Frankfurt Airport; a mosaic of concrete and asphalt
The runways at Frankfurt Airport are asphalt (old satellite imagery shows that they were concrete before), and the airport handles plenty of Superjumbos, the Airbus A380, so it's not a matter of handling heavy planes. All runways in big airports, even those covered in asphalt, have reinforced concrete foundations that vary in depth. They're deepest where the touchdown zones are located, shallower elsewhere. That's why runway extensions usually just add extra takeoff distance, but the landing zones remain the same, creating a displaced threshold.
Displaced threshold; can exist for other reasons
You'll see almost all the parking spots and holding areas for the runways are concrete, as well as the runway exits. This is where a plane is expected to be stationary. Concrete handles such stationary loads pretty well, while on a warm day the asphalt would deform.
Asphalt is called a flexible surface; concrete is called a rigid surface. Pavement classification number (PCN) is a standard used in combination with the aircraft classification number (ACN) to indicate the strength of a runway, taxiway, or apron (ramp).
Exposed concrete is notorious for cracking when exposed to extreme high and low temperatures. It's also more expensive to install and repair. But overall can be cheaper to install if you're already laying down concrete elsewhere, like most new airports, they just go for concrete everywhere, but it depends on where that new airport is located—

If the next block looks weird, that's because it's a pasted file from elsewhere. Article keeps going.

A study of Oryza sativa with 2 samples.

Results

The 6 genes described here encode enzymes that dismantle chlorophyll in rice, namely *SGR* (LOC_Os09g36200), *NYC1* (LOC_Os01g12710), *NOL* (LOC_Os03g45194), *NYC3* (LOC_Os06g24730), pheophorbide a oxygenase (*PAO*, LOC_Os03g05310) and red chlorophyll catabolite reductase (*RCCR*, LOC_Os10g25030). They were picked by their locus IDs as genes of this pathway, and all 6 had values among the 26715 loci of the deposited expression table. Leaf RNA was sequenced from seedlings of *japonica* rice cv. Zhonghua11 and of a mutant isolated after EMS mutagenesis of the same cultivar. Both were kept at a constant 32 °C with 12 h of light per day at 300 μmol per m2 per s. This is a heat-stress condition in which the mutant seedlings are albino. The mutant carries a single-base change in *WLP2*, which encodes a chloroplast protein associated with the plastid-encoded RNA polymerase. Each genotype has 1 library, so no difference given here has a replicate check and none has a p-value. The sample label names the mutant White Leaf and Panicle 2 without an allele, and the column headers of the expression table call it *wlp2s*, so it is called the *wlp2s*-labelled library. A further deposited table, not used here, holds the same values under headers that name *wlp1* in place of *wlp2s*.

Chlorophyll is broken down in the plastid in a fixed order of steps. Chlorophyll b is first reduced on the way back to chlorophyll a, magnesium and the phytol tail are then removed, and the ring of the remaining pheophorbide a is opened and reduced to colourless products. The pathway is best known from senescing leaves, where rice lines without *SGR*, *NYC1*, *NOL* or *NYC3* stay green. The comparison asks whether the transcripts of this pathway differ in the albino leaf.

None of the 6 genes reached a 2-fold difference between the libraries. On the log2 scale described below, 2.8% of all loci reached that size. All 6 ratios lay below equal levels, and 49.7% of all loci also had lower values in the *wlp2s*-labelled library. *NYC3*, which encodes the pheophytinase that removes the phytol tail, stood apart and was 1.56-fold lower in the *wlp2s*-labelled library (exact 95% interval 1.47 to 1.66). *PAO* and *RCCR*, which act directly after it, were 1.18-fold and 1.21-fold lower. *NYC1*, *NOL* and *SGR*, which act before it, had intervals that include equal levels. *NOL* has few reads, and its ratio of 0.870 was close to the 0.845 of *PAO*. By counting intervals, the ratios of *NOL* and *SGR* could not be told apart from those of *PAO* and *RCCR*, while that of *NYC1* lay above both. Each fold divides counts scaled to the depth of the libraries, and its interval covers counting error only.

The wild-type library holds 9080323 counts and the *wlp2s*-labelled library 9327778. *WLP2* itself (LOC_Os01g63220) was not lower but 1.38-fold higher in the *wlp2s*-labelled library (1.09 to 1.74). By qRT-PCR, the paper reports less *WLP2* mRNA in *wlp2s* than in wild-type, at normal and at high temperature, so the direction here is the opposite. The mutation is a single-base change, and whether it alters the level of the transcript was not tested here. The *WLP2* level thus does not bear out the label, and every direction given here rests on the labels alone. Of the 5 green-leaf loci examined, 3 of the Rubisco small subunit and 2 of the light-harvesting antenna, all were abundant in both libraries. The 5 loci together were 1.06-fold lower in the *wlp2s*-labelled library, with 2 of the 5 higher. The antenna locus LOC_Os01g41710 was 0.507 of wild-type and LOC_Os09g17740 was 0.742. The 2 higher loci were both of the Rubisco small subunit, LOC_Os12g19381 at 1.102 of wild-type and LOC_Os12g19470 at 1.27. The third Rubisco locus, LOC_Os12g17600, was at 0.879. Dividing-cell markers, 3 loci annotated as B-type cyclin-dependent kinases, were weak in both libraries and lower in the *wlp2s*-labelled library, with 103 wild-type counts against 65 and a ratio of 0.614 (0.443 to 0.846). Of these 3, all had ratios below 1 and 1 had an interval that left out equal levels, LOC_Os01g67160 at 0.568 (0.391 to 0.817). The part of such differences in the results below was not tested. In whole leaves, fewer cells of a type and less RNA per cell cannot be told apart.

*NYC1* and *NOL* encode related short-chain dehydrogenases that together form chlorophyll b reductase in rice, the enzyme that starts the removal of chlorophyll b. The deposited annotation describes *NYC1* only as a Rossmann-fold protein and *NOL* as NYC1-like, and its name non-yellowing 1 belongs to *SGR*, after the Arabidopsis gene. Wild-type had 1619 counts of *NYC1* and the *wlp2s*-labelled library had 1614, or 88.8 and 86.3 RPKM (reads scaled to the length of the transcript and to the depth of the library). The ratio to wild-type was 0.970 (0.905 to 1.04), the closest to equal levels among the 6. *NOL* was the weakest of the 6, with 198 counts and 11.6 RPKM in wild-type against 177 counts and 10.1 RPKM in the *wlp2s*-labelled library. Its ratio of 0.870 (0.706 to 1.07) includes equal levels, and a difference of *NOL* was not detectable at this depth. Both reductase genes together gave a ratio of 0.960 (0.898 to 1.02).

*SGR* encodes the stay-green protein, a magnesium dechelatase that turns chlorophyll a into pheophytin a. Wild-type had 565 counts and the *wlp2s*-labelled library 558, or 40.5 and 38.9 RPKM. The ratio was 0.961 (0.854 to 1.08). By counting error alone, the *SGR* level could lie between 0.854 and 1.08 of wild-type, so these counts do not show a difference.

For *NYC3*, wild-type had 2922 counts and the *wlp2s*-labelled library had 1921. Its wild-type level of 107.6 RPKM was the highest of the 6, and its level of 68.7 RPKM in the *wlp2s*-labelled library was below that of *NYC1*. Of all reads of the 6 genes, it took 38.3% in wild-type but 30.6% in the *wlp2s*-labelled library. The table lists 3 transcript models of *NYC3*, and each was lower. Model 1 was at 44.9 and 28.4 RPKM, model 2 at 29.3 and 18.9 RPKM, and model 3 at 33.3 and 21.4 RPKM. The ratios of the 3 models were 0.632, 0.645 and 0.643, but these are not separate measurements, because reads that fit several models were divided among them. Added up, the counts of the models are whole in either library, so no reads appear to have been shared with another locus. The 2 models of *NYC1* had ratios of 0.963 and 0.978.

Hot Dubai; asphalt almost everywhere except parking areas and hold short areas
LAX; good climate and budget; concrete almost everywhere a plane touches
The variables come down to climate, use, load, budget, job creation, maintenance, etc.
A single runway (like at PBG) can also have both surfaces
Airport diagram showing the PCN for all runways; Flexible and Rigid
(NASA) Another point in favor of an asphalt runway, is that it's more gentle on the tires during touchdown (since it's flexible).
You can find runway data at airnav.com for US airports, elsewhere you'll need to check the airport's AIP, like this one for Amsterdam; check the section 2.12 RUNWAY PHYSICAL CHARACTERISTICS. Or try searching for a nonofficial runway data repository, there could be one.